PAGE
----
Hello fellow GrabCAD'rs!
I need your help!
I've brought a client to GrabCAD and we're putting on a GrabCAD challenge SOON to create some NEW innovative products for their company.
To ensure the highest success for this challenge, as well as satisfaction for its participants, I'm asking our community of fellow GrabCAD'rs for their input.
A few "key" points to help with your answers:
✓This company's products will retail between $30 - $100 when available.
✓These product types are rapidly growing in popularity; trend setting.
✓This is for a new start-up company.
Please answer any of the following questions:
➔What kinds of prizes would you most be interested in? (e.g. cash, royalties, products, other)
➔If cash was a prize, what is fair payment for 1st, 2nd, & 3rd place finishers?
➔If you won the challenge, would you like to do more work with the company?
➔Would you like to see a online voting system for the community to pick favorites, that weighs in on the jury's final decision?
➔What has been the biggest drawback to past GrabCAD challenges that you would like to see amended in the future?
➔Any other feedback you have regarding GrabCAD Challenges and what you think contributes to the most successful ones, for both the company sponsor and the community participants.
Yo Tommy, I will try to answer your question.....
I have competed in quite a few of your challenges, was a lot of fun, but it was only for fun.
want to start with some general feedback:
A real product for a real client is something completely different than a "fun" challenge.
Most important thing to do is to live up to the expectations of that client, that need to be written down in a full blown product-specification describing all the issues involved such as: norms (DIN, ISO etc.) materials used, typical production tolerances, material finishes, replacement strategy (for damaged parts), maintenance strategy, etc, etc....
Than it is also important the the design lives up to the technical standards, this means that the engineer/designer involved has to have sufficient knowledge of the item/technics that has to be designed. ( can a car designer design a ship or an airplane??) Also a driving force for the design is the way it is gonna be (mass)produced. So the designer has to have sufficient knowledge of the production methods.
* prize: I would pick royalties....the more items are sold, the better the pay..
* cash prize: leaves this up to the client, he is the one who has to reward the entries
* challenge winner: always nice to be appreciated and if this evolves into a longer (designing) relation with the client....great.
* Voting.....NO!! To many times I see that "friends or countrymen" vote for each other and not for the best design. Leave the voting up to the end user (client).
*challenge drawbacks: language barrier..in order to understand what is expected and to communicate with each other and to/with the client the knowledge of the language used (mostly English) needs to be of a high standard. Also the technical descriptions of the product need to be clear in order to understand fully what is expected. (technical English is far more difficult than plain English)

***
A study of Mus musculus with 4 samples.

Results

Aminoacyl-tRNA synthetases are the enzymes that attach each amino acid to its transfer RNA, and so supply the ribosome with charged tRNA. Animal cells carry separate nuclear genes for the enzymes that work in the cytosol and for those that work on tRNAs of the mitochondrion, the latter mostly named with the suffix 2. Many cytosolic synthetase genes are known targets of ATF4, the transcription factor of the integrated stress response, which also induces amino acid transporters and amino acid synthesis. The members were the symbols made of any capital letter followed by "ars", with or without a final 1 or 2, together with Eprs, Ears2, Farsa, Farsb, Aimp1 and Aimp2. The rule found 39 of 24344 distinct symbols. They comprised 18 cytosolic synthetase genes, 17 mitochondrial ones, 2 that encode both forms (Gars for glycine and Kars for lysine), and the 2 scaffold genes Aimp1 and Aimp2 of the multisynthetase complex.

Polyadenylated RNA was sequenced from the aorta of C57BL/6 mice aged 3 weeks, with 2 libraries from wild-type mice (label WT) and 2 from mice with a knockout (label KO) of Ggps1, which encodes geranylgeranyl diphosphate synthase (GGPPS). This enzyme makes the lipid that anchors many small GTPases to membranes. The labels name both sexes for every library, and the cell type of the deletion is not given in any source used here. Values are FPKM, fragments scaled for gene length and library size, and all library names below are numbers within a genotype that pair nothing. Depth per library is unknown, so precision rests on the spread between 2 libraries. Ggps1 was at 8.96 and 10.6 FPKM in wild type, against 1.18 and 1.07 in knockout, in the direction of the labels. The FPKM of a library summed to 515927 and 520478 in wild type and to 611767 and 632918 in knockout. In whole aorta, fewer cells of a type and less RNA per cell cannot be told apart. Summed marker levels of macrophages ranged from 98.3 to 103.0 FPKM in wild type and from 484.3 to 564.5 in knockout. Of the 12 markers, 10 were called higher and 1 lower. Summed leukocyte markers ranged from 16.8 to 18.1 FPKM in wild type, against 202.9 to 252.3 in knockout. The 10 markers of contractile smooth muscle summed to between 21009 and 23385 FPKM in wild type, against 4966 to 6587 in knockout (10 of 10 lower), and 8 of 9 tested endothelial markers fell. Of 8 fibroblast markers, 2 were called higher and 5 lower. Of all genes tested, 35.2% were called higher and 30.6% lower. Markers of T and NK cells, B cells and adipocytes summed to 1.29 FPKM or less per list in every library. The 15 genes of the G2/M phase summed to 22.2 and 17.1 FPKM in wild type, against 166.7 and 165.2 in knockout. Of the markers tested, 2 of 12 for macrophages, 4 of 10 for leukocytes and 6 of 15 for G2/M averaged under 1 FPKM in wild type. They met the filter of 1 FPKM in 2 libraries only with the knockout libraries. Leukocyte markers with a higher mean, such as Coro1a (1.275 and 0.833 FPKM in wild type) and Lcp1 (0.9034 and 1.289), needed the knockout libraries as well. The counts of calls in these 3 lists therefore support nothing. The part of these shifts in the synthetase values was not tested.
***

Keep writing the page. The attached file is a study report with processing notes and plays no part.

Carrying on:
I would second everything that Hans said.
Every challenge will be different, with a different client, company size, Different financial resources culture, vibe, expectations etc.
Here is roughly how I would break it down and I think it's a very reasonable way of looking at things, for the client and for the designer.......
Option 1. Client wants a design inspiration, ie just an aesthetic, cosmetic, outer shell design......often a company will just want input from designers as to design aesthetics for a new product....and then their own engineers will take it from there------ So in this case I think a descent cash reward, prize or company product will suffice.
Option 2. Client is looking for a designer to design a product that will be mass produced, sold in the tens, hundreds of thousand maybe millions of units. The design needs to be functional and goes beyond aesthetics ----- In this case, a royalty should be offered along with a percentage of patent rights along with any other cash or reward prize the company feels necessary. But anytime something is to be mass produced, and if the designer is doing a lot of the work, research etc. a royalty deal should be made. This is only fair.
Option3. Company wants a logo or emblem designed ---- what can I say, rewards could run the gambit but I think I would use the profile of the company to judge what "compensation" could be rewarded. If the company is Grampa Jacks propane accessories then obviously they're not going to be in a position to offer a whole lot...but if the job is to design a logo for Nintendo....then I want to see at least a few thousand dollars worth of prizes...it's only logical.
Option 4. The client just wants a design for fun --- offer nothing to anything you want!
There will be variations on these four but overall I think this sums things up. For free-lance designers, it's nice to have companies offer possible on-going employment relationships incorporated in their rewards structure also.